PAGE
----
Vintage ads suggested that, besides being good for washing down Uneeda biscuits, Coca-Cola had some curative properties. The "Relieves Fatigue" slogan dates this Schenectady wall sign to 1905-1910. Its bright colors with the greater wear above the "Coca-Cola" script suggest that it was sheltered by a slightly shorter demolished neighbor.
But what of the mysterious sign whose letters still faintly trace the words "Buffalo Store"?

The story goes that the "Buffalo Store" concept dates back to the days of the Erie Canal, when canal boat passengers first exposed back country hamlets to big city styles. A "Buffalo Store" professed to deal in fashions as sophisticated as those worn by the "ladies and gents" on Delaware Avenue or in Niagara Square. Although Schenectady was far from a hamlet, the name "Buffalo Store" carried a far more stylish cachet than "dry goods store", the period's generic term for an establishment that sold fabric and clothes.

In 1930, this building at 412 Broadway was home to both Benjamin Miller's clothing store and the Miller family. Benjamin Miller and his wife Ida had emigrated from Russia just after the turn of the century; his mother Fannie followed in 1920. The Millers rented the remainder of their house to five African-Americans, four of whom were orchestra musicians.

412 Broadway was in fact a social dividing line. To the north, Broadway had virtually all white residents, fully half recent immigrants from such European countries as Germany, Poland, Russia, Italy, and Lithuania. However, the neighborhood demographic altered greatly to the south.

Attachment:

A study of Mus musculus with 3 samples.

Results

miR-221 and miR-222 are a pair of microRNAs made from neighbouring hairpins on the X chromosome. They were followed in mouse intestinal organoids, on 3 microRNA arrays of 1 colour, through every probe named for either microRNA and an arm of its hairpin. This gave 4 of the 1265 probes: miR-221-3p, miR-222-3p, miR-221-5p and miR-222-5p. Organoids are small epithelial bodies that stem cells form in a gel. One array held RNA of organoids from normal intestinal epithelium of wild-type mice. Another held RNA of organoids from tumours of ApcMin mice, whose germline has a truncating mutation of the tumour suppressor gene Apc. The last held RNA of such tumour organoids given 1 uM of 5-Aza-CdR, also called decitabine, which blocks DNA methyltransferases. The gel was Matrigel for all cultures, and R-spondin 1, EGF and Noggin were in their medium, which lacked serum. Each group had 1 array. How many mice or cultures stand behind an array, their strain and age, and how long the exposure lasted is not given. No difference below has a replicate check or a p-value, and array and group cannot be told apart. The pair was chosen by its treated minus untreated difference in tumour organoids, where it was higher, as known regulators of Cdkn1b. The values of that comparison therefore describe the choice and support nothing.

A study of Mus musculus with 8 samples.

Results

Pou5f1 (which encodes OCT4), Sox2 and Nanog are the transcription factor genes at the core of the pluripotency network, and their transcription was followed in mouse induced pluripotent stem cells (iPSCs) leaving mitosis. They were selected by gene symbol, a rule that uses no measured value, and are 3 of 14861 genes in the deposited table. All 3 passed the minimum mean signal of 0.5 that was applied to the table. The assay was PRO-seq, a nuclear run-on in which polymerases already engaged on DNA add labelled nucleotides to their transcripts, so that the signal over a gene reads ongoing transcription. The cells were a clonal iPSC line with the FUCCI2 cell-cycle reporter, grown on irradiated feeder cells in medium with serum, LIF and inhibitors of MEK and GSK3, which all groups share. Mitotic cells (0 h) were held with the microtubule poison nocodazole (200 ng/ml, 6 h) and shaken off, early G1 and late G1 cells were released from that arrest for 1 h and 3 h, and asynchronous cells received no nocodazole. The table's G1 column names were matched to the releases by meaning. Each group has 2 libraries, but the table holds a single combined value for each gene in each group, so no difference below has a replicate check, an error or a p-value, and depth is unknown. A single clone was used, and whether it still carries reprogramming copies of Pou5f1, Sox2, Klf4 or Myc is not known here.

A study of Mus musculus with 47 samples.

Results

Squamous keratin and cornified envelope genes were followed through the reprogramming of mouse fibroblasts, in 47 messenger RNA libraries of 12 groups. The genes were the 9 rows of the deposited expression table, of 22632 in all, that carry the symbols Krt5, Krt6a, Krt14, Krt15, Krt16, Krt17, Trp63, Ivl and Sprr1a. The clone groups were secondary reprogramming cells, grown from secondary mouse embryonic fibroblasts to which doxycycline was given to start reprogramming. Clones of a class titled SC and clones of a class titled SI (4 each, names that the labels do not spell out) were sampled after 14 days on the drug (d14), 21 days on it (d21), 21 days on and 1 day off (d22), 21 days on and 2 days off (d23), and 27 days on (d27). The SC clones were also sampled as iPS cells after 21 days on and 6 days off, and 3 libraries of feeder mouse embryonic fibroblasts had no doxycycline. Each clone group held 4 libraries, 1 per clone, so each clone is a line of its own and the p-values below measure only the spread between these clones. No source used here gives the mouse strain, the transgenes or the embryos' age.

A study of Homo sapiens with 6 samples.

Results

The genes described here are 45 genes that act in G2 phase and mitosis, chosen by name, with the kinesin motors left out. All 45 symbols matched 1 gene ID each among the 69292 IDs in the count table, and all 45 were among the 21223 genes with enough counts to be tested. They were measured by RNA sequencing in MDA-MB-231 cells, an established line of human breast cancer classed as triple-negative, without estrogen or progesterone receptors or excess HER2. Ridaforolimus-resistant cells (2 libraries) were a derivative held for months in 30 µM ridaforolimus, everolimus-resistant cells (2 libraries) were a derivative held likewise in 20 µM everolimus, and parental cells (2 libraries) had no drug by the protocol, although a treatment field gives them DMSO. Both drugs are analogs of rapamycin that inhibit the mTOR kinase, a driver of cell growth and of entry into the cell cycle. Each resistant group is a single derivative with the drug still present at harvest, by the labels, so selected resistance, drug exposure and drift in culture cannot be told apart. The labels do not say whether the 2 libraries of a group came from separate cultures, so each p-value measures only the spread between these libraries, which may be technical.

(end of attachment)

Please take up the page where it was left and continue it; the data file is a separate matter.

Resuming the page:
The vanished building that once sheltered the Coca-Cola sign was the home and bakery of David Abramson, who had emigrated from Russia with his wife and son in 1913, as well as the residence of Shakespeare Perique, a mellifluously-named African-American mechanic from Louisiana. Several other buildings in the 300 block of Broadway were both the business places and homes of white tradesman, whose lodgers included African-Americans and white recent immigrants from Scotland, Cuba, Russia, Italy, Poland, Brazil, Spain and "Arabia". Some other interspersed buildings had either all white or all African-American tenants, while others had tenants of either race.
When Census enumerator Angelo DiDonna visited Broadway on April 15, 1930, the bite of the Great Depression was felt mostly by the young adult males, many of whom reported being jobless. Although the economic situation would grow grimmer as the year went on, most heads of households were still employed. Perhaps the most common job in these two blocks of Broadway was "laborer-electrical plant", an occupation shared by Gaetano Ciro, an emigrant from Italy in 1911, Sed Mussad, who emigrated from Arabia in 1924, John Trotski from Poland, Heriberto Lopez, who came from Spain in 1920, and Richmond Leah, an African-American born in North Carolina.

Quite possibly these residents of 1930s' Broadway would find much in common with today's immigrants. But where do today's immigrants find a neighborhood as truely diverse the 300 and 400 blocks of Broadway?